Former General Motors Corp. Chairman and CEO Rick Wagoner will retire Aug. 1 with a pension and benefit package the automaker valued at more than $10 million.
Wagoner, 56, who was ousted by the Obama administration on March 30, will get $1.64 million in benefits annually for each of the next five years, plus an annual pension of $74,030 for the rest of his life, according to company documents filed Tuesday with the U.S. Securities and Exchange Commission.
The former CEO, who spent 32 years with the company, can also choose to cash out his company-provided life insurance policy at $2.6 million, according to the filing.
The benefits are worth about half the $22.1 million value that the company placed on Wagoner's retirement package at the end of 2008. The severance package is also far smaller than those afforded to many other large-company CEOs in the past, before the market meltdown made compensation practices a touchstone for public and congressional outrage.
Lee Raymond, former chairman of energy giant ExxonMobil, received a nearly $400 million retirement package in 2006. Stan O'Neal, ousted from Merrill Lynch in 2007 after the investment bank reported a huge quarterly loss, walked away with $161.5 million in stock, options and retirement benefits. Walt Disney Co. directors awarded a $140 million severance package to Michael Ovitz at the end of his brief stint in the mid-1990s as president of the entertainment company.
Although many GM retirees whose benefits have been cut or investors who lost money may consider Wagoner's package excessive, it is not out of line in comparison to other executives' pay, said Aaron Boyd, a research manager with Equilar Inc., an information services firm that specializes in researching executive compensation.
"For a company making billions of dollars in revenue, an executive regularly making millions of dollars every year, I think a $10 million retirement package, considering the length of time that he's been with the company, I think it's certainly understandable," Boyd said.
Wagoner's package comes at a time when the company slashed benefits for most of its retirees, including eliminating vision and dental coverage. Health benefits for blue-collar retirees also are somewhat at risk because they soon will be paid by a union trust that is largely funded by stock in the new GM.
Wagoner was credited by industry analysts with restructuring GM more than any other CEO in its history, shedding thousands of jobs while globalizing and energizing its vehicle design, engineering and manufacturing.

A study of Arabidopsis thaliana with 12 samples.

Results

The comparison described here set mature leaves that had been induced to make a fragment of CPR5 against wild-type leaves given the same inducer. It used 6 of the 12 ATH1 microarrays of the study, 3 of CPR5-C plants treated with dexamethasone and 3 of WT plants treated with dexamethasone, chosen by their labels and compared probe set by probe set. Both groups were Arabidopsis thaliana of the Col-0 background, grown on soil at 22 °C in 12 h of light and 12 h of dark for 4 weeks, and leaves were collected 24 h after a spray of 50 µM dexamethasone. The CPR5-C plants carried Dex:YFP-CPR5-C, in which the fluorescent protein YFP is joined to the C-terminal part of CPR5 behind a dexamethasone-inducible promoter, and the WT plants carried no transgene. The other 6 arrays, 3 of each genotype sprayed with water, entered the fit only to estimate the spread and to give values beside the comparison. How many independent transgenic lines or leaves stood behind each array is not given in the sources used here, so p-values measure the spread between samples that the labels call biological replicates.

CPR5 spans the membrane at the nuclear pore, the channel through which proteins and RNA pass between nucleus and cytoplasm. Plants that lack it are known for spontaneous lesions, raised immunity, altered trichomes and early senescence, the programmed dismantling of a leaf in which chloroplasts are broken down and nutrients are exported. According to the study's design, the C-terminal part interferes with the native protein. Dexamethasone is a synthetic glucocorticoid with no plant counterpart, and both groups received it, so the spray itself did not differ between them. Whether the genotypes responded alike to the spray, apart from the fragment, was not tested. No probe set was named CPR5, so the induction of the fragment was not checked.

But since he became president and CEO in 2000, the company's shares have tumbled in value. In 2000, GM shares topped $92, according to the Center for Research in Security Prices at the University of Chicago. Trading of the stock, which stayed with the old GM still in bankruptcy protection, was suspended as of Friday at $1.15 per share. The company has said repeatedly that it likely will have little or no value.
In the past four years, GM has racked up more than $80 billion in losses as the recession and high gas prices cut into its sales.
Wagoner's ouster came at the hands of former Obama administration autos task force leader Steven Rattner, as the administration rejected a GM restructuring plan and ordered deeper cuts.
Wagoner has remained on the GM payroll since his ouster, but he had been working for $1 per year since late last year. Company spokeswoman Renee Rashid-Merem said GM disclosed last year that it had annual pensions for top executives by two-thirds.
GM has received $50 billion in U.S. government loans. On Friday, the automaker emerged from a 40-day stay in Chapter 11 bankruptcy protection with its best assets moving to a new company called General Motors Co. The U.S. government owns more than 60 percent of the new company, with hopes of selling stock to get some of its investment back, perhaps as soon as next year.
Wagoner earned $14.9 million last year at GM, although $11.9 million of that was in the form of stock and options which are now worthless.
He also was entitled to $366,602 in unvested stock awards and $534,627 in deferred compensation as of Dec. 31, according to GM's 2008 annual report. At the time, Wagoner got to keep about 3 million stock options, which allow him to buy GM shares at prices ranging from about $20 to $76.
As a condition of GM's government loans, the automaker is not allowed to pay severance packages to departing executives. Government officials began to crack down on so-called "golden parachutes" after last fall's backlash over $24 million in exit packages for the ousted chief executives of mortgage finance companies Fannie Mae and Freddie Mac. The severance payments were never made. Former AIG chief Robert Willumstad opted out of his $22 million severance package after being deposed as part of the insurer's government bailout last September.
From the beginning of his career at GM through the end of 2008, Wagoner received compensation totaling about $63.3 million, with $38.7 million of that coming during his years as chief executive. The totals take into account Wagoner's base salary, cash bonus payouts, long-term incentive plan payouts, gains from stock option exercises, and other compensation.